First “Rail Jam” of season Saturday at Mt. La Crosse
At the end of every season, Mt. La Crosse has, what is called, a “Rail Jam” or “Jam Session.”
It’s where snowboarders and skiers can perform stunts on obstacles — or, if you’re hip with the kids these days, you would say, “See how many hits on the features you can get to impress the judges.”
That’s how Austin Fellenz describes his Rail Jam. He’s the Terrain Park Director at Mt. La Crosse and plans on having more competitions this season, beginning with the first at 1 p.m. Saturday.
He says the course is up now, at the bottom of Midway run, for those who want to practice Friday and early Saturday before the competition. Registration is at noon and the cost is $15. There will be prizes.
Fellenz is an Onalaska High School graduate who has spent a few years working at Arapahoe Basin Ski Area in Keystone, Colo.
He had to do a lot of explaining terminology, so feel free to laugh when things aren’t described correctly but, essentially, the course is made up of rails, PVC pipes, boxes — all called “features” — and is ready for riding.
Fellenz will also be one of the judges, likely wearing a goofy hat
— think Cousin Eddy from Christmas Vacation — and holding those rectangular signs numbered 1 through 10 to hold up when someone “hits a drop” or bites the dust. OK, “bites the dust” isn’t probably what the kids say anymore. What do they call “falling?”
Fellenz also wasn’t too sure if anyone, likely over 25, would be competing, though he welcomes everyone to come try.
“I haven’t seen them out there, too avidly but I’m sure they exist,” Fellenz said, literally, of old people.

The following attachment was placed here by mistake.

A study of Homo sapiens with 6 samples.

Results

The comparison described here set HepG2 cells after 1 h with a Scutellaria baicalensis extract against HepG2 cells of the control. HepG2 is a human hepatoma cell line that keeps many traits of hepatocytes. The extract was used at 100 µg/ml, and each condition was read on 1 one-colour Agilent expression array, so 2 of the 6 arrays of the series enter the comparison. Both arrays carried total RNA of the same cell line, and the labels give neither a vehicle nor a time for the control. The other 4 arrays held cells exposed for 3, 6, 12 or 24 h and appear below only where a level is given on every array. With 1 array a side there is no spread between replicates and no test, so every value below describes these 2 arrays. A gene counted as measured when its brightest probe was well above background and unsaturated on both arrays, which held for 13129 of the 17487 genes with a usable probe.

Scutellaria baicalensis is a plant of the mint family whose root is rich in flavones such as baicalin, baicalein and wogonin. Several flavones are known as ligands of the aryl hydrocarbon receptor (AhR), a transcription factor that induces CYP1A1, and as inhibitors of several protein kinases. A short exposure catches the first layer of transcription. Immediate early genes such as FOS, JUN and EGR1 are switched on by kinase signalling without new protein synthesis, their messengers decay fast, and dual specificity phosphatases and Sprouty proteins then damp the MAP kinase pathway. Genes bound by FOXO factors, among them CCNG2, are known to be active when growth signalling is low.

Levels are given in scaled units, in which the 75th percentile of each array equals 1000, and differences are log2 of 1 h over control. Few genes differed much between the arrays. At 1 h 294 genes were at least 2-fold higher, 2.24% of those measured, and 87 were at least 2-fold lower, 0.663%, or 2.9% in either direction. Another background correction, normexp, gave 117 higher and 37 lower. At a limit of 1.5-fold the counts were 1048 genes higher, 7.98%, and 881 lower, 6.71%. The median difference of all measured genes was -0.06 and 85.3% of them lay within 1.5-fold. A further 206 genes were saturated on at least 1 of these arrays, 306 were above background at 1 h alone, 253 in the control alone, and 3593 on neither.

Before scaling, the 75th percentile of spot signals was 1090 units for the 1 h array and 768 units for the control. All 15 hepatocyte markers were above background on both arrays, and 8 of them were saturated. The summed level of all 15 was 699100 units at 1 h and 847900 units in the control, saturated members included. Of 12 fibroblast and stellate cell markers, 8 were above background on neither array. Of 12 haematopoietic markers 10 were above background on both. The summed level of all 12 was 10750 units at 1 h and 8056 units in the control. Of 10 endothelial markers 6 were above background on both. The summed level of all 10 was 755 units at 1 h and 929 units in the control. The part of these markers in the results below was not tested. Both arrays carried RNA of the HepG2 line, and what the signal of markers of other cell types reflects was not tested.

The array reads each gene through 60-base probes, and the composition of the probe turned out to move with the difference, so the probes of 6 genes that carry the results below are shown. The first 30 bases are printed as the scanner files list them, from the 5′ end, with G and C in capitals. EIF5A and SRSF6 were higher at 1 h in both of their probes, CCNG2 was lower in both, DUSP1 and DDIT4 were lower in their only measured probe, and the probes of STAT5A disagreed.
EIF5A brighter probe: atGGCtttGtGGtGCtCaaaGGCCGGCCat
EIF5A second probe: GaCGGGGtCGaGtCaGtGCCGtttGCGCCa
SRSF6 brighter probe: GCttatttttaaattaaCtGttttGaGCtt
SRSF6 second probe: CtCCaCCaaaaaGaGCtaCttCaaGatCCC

And, if old people do exist, Fellenz understands they are more practical when it comes to body preservation.
“I think it’s more of a,” Fellenz said, laughing, “I don’t want to say it’s not for old people but, usually, by then, you start thinking more of the consequences of falling on the rail as opposed to when you’re a kid, you’re like, ‘Oh this looks fun. I’m made of rubber.'”
As for the competition itself, Fellenz said skiers and boarders will likely have 30 minutes to hit has many drops on the features (perform stunts on obstacles). Competitors will go down the course and hike back up, while being judged on who gets the most air or rides the best rail in style — in ability, not so much their gear though Fellenz welcomes people to dress loud.
“I’ve seen a bunch of kids that do that,” Fellenz said. “They’ll dress super goofy and then just come and throw down at this rail jam and win it. It’s really up to the riding style, itself.”
Fellenz hopes to do this as many times as people want to come and compete this season.
“On the park crew here at Mt. La Crosse, we’re all gung ho for it,” he said. “If we could, we’d do one every week.”
If you want to join the events page on Facebook, it’s here.